Keeonb2012, CC BY-SA 3.0, via Wikimedia Commons
What Is Slow Fashion, And Why Does It Matter?
Slow fashion refers to a popular trend in the industry that promotes a more equitable way of production, ranging from ethically-sourced materials to eco-friendly shipping standards.
Slow fashion has become one of the industry’s buzziest terms of late. But with few clear standards around what the trend actually means–and what it doesn’t–it’s often used as a marketing tool rather than championing more equitable business practices.
It’s something of a reaction to the mainstream fashion industry’s demand for low-cost garments at scale.
It’s also a critique of capitalism more broadly, this time honing in on how your favorite shirts, coats, and socks are manufactured.
It’s for this reason that it often gets grouped in with environmentalist language as well as more progressive economic models.
It’s both a form of self-preservation and a way of doing business.
So, what is slow fashion, and why does it matter?
Andy Mabbett, CC BY-SA 3.0, via Wikimedia Commons
What Slow Fashion Isn’t
The ability to sell low-priced garments at scale around the world isn’t, with few exceptions, slow fashion.
Fashion brands that are able to execute this kind of business model are cutting corners somewhere, it’s simply a matter of finding them.
They could be using harmful dyes in their polo shirts, for example, tapping cheap labor to make shoes, or one of its suppliers may be inappropriately disposing of any wastes.
Let’s take a quick look at a few examples.
In an investigation conducted in 2021 by the CBC, investigators discovered that products purchased from fast-fashion brands Shein, AliExpress, and Zaful allegedly contained potentially toxic chemicals.
These substances reportedly included phthalates, PFAS, and lead. In one instance, the investigators found that a toddler’s jacket contained 20 times the allowable amount of lead per Health Canada’s legal standard.
Hanna Joerss and Frank Menger (Department for Organic Environmental Chemistry, Helmholtz-Zentrum Hereon, Max-Planck-Str. 1, 21502 Geesthacht, Germany), CC BY-SA 4.0, via Wikimedia Commons
Both of these chemicals are often used to dye fabrics, too; even though safer, albeit more expensive, alternatives exist.
If it’s not toxic chemicals, it’s exploitative labor. One of the greatest stains on the fashion industry has been that of sourcing huge amounts of cotton from the Xinjiang region in China.
Various reports indicate that cotton harvested in this area is via the alleged coerced labor of the Uyghur people. Human rights groups around the world have accused China of crimes against humanity for detaining and emprisoning the Uyghur people in so-called reeducation camps.
Critically, materials sourced from this area and this labor has played a key role in servicing materials for key fast fashion brands like Nike and H&M.
Xinjiang region in China. Source: Wikimedia Commons.
“Under conditions that strongly suggest forced labor, Uyghurs are working in factories that are in the supply chains of at least 82 well-known global brands in the technology, clothing, and automotive sector,” read a March 2020 report from the Australian Strategic Policy Institute.
Many of these brands have updated their policies, distancing themselves from any known exposure to forced labor, but full transparency on the matter has been less than convincing.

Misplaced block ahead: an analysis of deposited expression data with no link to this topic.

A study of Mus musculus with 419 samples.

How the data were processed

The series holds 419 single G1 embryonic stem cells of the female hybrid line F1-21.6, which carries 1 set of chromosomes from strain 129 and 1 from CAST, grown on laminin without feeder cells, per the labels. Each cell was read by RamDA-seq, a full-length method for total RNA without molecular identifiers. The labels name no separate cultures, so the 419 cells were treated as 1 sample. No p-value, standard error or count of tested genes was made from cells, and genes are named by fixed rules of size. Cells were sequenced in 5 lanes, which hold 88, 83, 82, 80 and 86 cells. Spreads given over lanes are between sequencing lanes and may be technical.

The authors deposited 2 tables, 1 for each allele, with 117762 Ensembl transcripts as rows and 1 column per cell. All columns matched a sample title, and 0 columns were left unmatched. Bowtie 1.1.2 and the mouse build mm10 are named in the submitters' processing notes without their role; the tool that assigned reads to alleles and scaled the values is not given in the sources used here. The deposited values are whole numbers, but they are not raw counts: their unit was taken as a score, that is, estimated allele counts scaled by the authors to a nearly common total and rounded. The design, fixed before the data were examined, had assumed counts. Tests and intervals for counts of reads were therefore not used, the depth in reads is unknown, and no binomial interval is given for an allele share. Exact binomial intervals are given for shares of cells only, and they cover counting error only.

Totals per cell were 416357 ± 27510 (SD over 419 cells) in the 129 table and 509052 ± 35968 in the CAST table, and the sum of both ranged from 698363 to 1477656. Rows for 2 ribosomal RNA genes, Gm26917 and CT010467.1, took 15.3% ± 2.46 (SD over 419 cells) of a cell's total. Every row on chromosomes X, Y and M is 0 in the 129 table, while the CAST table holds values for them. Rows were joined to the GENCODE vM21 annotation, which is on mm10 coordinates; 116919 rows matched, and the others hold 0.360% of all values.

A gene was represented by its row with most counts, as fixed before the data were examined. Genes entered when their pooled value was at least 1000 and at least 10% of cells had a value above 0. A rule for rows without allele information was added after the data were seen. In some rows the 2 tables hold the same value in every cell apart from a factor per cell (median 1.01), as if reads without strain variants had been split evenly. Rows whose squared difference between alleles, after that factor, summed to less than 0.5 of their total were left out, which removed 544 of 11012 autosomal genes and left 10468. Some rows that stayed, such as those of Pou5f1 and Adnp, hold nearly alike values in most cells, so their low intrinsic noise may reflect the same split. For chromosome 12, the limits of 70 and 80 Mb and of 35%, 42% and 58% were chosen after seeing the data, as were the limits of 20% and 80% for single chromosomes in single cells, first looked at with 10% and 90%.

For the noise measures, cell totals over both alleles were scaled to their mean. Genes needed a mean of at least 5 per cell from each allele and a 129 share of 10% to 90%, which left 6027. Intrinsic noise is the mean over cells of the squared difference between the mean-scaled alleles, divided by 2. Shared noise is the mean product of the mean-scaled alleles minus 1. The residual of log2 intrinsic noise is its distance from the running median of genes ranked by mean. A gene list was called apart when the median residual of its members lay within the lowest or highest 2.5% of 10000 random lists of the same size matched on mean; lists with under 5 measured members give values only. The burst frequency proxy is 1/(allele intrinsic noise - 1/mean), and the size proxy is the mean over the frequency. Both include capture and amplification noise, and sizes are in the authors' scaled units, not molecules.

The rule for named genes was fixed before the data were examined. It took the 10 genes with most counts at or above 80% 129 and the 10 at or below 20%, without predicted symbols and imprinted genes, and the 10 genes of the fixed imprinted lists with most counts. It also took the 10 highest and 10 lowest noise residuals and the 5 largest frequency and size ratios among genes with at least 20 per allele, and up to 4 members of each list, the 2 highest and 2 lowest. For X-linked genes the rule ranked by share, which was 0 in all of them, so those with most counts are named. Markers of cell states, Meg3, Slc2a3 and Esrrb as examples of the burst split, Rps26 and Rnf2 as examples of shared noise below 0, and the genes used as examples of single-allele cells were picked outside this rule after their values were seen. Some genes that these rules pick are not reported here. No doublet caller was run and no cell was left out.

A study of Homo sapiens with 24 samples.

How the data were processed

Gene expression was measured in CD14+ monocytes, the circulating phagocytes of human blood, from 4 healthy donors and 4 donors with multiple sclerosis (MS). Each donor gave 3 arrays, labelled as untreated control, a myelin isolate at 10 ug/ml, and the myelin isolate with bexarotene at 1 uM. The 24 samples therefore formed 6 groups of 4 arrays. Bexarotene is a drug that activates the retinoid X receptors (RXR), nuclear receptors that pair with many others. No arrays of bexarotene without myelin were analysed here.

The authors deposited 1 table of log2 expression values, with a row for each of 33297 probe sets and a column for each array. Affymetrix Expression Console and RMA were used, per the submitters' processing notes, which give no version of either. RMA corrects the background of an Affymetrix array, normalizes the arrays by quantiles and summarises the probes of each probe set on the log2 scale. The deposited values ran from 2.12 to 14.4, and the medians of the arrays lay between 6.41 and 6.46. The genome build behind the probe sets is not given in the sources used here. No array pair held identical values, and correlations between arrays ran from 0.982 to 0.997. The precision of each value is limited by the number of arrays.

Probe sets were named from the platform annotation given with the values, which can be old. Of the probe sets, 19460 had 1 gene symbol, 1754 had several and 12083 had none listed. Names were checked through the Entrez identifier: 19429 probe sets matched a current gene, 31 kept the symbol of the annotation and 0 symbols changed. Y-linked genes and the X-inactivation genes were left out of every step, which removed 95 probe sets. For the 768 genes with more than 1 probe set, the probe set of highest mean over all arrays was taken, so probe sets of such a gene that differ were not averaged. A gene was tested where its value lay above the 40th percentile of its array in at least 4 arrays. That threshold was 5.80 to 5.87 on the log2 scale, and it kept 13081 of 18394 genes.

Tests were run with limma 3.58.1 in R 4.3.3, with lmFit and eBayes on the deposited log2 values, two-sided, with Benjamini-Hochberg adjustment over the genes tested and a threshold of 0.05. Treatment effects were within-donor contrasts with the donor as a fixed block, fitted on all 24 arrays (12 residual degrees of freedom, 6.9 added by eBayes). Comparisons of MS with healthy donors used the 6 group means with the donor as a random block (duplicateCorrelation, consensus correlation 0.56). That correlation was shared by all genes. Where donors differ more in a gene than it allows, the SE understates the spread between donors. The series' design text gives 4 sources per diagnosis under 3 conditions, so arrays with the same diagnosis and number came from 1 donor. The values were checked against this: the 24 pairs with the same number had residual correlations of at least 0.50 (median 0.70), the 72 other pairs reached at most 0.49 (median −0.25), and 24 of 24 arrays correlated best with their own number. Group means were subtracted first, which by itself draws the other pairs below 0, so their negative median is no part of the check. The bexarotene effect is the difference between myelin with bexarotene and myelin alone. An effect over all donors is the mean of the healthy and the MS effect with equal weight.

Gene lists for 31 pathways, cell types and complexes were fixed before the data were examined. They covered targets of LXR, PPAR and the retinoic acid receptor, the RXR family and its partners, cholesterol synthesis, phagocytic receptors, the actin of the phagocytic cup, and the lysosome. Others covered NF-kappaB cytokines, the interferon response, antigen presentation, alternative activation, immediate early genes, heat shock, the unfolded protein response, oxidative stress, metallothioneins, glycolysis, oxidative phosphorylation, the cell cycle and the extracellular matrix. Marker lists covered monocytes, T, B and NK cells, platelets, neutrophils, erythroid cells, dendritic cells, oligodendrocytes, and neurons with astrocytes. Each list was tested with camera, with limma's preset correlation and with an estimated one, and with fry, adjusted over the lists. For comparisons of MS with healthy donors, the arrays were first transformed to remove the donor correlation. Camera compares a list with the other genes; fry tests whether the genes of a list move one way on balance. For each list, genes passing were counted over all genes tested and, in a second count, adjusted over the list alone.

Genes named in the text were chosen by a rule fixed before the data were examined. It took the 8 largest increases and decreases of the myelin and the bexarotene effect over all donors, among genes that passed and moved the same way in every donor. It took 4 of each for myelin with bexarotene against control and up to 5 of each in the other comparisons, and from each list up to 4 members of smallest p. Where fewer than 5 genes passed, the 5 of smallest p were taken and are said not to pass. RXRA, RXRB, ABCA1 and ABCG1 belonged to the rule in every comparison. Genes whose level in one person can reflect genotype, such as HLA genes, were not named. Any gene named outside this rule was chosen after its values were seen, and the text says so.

Nike reportedly admitted that “traceability at the raw materials level is an area of ongoing focus,” suggesting that the Fortune 500 sportswear brand is still working on it.
Unknown (artist), Multi Machine Plates Ltd, London EC4 (printer), Her Majesty’s Stationery Office (publisher/sponsor), Public domain, via Wikimedia Commons
Finally, the fashion industry as it stands today is a huge consumer of water and a huge generator of waste. One need only look to Chile’s Atacama Desert, and arid plateau that has become something of a dumping ground for fast fashion.
A report from Aljazeera in 2021 indicated that of the 59,000 tonnes of clothing that arrives in Chile each year, more than 60% of that ends up in the Atacama. Worse yet, due to the harmful chemicals present in many of these materials, they can’t be thrown away in landfills, explained the founder of Ecofibra. Ecofibra turns many of these clothes into insulation to help combat the problem.
Still, the source of the problem lies elsewhere, especially when one considers that the average garment is only worn seven times before its discarded.
Solving these problems at the source is, in essence, the thrust of the slow fashion movement.
Stefan Müller (climate stuff), CC BY 2.0, via Wikimedia Commons
What is slow fashion?
Slow fashion can be boiled down to a few key tenets: Local, sustainable, and transparent.
Buying materials, either as a designer or a consumer, locally means you’re cutting out extensive supply chains that may see products intermingled with producers that aren’t following best practices. This is especially the case when dealing with much larger production sizes.
This also means you know precisely where your clothes are coming from, making it easier to make informed decisions about what you’re buying.
Sustainable means that the products going into a garment aren’t especially harmful to the environment. Inevitably your favorite jacket from university gets worn out and irreparable damaged. But that shouldn’t mean it can’t be disposed of appropriately.
And finally, slow fashion is all about transparency. This is usually the easy part.
If suppliers are local and they’re using sustainable manufacturing practices, it should be simple to understand how they’re sourcing their materials. Unlike the sprawling supply chains of Nike and H&M–firms who aren’t even certain whether their garments are using exploitative labor–small brands and local designers likely know everyone sourcing their materials personally.
That’s slow fashion, really. A means of producing beautiful garments at human scale.